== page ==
Poor Goldman Sachs. The Wall Street firm that's printing money mere months after exiting the federal bank-bailout straitjacket can do no right.
It's mocked on Saturday Night Live for hogging swine-flu vaccine, accused by a newspaper of neglecting kittens living near its headquarters and charged with chintziness after unveiling a $500 million small business aid program. News reports last week even described fearful Goldman executives applying for gun permits.
Worse than the bad press: Shareholders and regulators are pushing Goldman to change the way it operates. Big owners of its stock want more of the firm's spectacular profits flowing to them and less to employees as bonuses. Federal officials are examining everything from Goldman's compensation practices to how much risk its traders take.
“We're going from a world where Goldman generated 80% of its business from running a Wall Street casino to a place where regulators will allow maybe no more than 25%,” says CreditSights analyst David Hendler. “How will the organization adapt? Can it be a public company anymore?”
No more public scrutiny
That's certainly a valid question. Although there's no evidence that Goldman is contemplating a step back in history to take itself private again, that may be the best road forward. No more relentless public scrutiny. No more disclosing lofty bonus figures. No answering to uppity shareholders.
“Some days, I'm sure some of those guys would love to be private again,” says veteran Wall Street consultant Charles Ellis, author of a recent book about Goldman titled The Partnership.
Goldman, which went public in 1999, wouldn't comment on various buyout scenarios posed by Crain's. There's also a huge caveat to any going-private speculation these days: Federal regulators probably would not allow Goldman to take on additional debt to pay for a leveraged buyout, which is how these deals are usually financed, meaning any transaction would have to be done entirely in cash.
Still, private equity experts say the numbers could work.
First, Goldman Shareholders would expect a premium to part with their equity, which is valued at $85 billion. Investors get 50% over market price historically in such deals, according to Baruch College finance professor Raj Nahata, yet premiums tend to be lower for blue-chip outfits like Goldman because their stock prices are high to begin with.
That suggests a take-private price for Goldman of $100 billion to $125 billion—or, more than twice as much as the largest such takeover on record.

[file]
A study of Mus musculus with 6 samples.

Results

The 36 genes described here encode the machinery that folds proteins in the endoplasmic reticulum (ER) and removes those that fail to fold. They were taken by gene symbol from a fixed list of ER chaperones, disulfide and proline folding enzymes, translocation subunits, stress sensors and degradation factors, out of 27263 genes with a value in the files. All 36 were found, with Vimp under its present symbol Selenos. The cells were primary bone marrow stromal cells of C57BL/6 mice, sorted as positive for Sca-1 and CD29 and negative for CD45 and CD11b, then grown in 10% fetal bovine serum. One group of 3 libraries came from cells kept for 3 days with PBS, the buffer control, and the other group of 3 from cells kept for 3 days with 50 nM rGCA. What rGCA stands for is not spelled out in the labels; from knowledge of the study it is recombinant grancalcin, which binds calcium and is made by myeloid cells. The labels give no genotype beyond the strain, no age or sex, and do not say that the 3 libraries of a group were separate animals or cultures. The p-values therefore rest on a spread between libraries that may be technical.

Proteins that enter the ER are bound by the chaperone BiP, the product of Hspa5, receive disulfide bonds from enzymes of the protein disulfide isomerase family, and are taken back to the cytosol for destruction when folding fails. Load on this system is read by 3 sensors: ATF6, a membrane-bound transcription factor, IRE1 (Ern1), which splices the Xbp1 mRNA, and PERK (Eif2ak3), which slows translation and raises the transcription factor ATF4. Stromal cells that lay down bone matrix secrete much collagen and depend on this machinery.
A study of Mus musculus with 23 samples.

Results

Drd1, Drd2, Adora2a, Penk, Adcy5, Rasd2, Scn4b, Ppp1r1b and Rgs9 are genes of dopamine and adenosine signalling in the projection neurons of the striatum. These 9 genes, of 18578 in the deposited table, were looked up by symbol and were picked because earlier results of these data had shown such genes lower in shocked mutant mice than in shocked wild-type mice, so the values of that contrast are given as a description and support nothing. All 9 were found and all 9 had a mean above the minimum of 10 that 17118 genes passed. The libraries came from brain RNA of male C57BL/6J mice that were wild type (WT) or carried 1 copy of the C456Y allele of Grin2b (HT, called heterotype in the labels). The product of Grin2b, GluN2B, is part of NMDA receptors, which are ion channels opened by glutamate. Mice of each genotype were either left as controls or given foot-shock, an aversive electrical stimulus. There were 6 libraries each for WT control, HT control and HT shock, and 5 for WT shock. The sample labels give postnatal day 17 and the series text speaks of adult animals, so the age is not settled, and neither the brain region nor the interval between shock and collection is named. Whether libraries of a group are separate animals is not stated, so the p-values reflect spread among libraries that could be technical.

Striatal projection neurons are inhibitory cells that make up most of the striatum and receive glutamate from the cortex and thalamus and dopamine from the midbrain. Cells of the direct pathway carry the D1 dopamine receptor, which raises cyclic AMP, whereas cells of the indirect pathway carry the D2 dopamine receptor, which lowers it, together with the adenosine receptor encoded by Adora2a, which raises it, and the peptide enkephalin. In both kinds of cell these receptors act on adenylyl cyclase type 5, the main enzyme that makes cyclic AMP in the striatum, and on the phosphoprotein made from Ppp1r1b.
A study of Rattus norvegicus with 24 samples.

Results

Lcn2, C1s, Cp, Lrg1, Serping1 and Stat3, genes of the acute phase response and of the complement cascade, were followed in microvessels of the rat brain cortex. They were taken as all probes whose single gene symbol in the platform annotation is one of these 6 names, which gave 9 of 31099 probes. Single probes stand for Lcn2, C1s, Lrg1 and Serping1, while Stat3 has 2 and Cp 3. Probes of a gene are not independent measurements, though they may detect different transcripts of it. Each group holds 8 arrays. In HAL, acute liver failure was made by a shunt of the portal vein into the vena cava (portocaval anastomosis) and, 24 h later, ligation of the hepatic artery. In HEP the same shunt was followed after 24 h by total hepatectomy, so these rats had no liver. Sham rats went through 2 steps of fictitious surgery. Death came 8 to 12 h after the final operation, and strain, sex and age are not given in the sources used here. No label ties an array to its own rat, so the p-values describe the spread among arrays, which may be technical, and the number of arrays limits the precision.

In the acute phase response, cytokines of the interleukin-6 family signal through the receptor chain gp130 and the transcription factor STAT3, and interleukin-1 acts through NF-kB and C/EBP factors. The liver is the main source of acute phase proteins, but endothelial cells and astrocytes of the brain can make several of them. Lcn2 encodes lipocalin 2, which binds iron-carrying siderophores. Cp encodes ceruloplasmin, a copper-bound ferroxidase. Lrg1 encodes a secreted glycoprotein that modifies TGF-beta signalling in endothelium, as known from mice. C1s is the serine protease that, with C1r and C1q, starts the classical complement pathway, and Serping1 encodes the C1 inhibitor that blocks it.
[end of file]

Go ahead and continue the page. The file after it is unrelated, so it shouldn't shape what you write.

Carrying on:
Look closer, however, and the figures aren't so intimidating. Goldman is on pace to generate $30 billion in operating cash flow this year and already has $23 billion in its coffers. Additional funds could come from current and former partners ($20 billion has been set aside for 2009's payouts), institutions such as sovereign wealth funds, maybe even Łber-shareholder Warren Buffett.
While the firm has $200 billion in long-term debt, PE experts say bondholders wouldn't need to be bought out unless Goldman had already promised to do so in the event of a takeover. It isn't clear if such agreements exist. (Again, Goldman declined to comment.)
Two CEOs of firms that compete with Goldman say that a more likely buyout scenario is for Goldman to spin off its mighty trading division and take it private.
Trading unit is the nuclear core
The trading unit has become the firm's nuclear core, generating 80% of revenue this year, compared with about a quarter in 1998, Goldman's last full year as a partnership. One longtime reason that trading activity was kept in check in the old days: Goldman's partners weren't willing to risk much of their money on risky trades. The firm evidently had fewer qualms about playing with other people's money after it went public.
The trading division now also happens to be the source of most of Goldman's PR problems. It's where the huge profits are made and big bonuses get paid. It's also a point of tension with regulators who frown on outsize risks being taken with bank capital, something Goldman traders often do to boost returns.
End result: a less risky firm
“If i was them, I'd be desperately trying to figure out how to get that business out of the public eye,” says a senior officer at a firm that advises on takeovers and restructurings. “It would also be a much more affordable deal.”
Goldman's trading and principal investments division is on pace to generate $30 billion in revenue this year, but the highly volatile business produced less than a third of that in 2008. Knight Capital, the largest U.S. equities trader, fetches a price equal to 1.3 times its revenue, but Goldman's larger and more diverse trading business merits a higher multiple. So value it at twice its average revenue—$18 billion a year since 2002—and a take-private price of about $36 billion sounds right.
The division could lay claim to at least $15 billion of Goldman's cash, suggesting its employees would have to come up with another $21 billion to take control. A crucial unknown is how much of Goldman's debt it could inherit.
The end result of these machinations would be a less risky Goldman that focuses on mergers advice and asset management and has a more valuable stock. Firms that already do this, such as Greenhill and Evercore, have stocks that trade for more than 20 times earnings. That's more than double the current valuation of all of Goldman. Music to any M&A meister's ears.
This story was first published by Crain's New York Business, a sister publication to Investment News.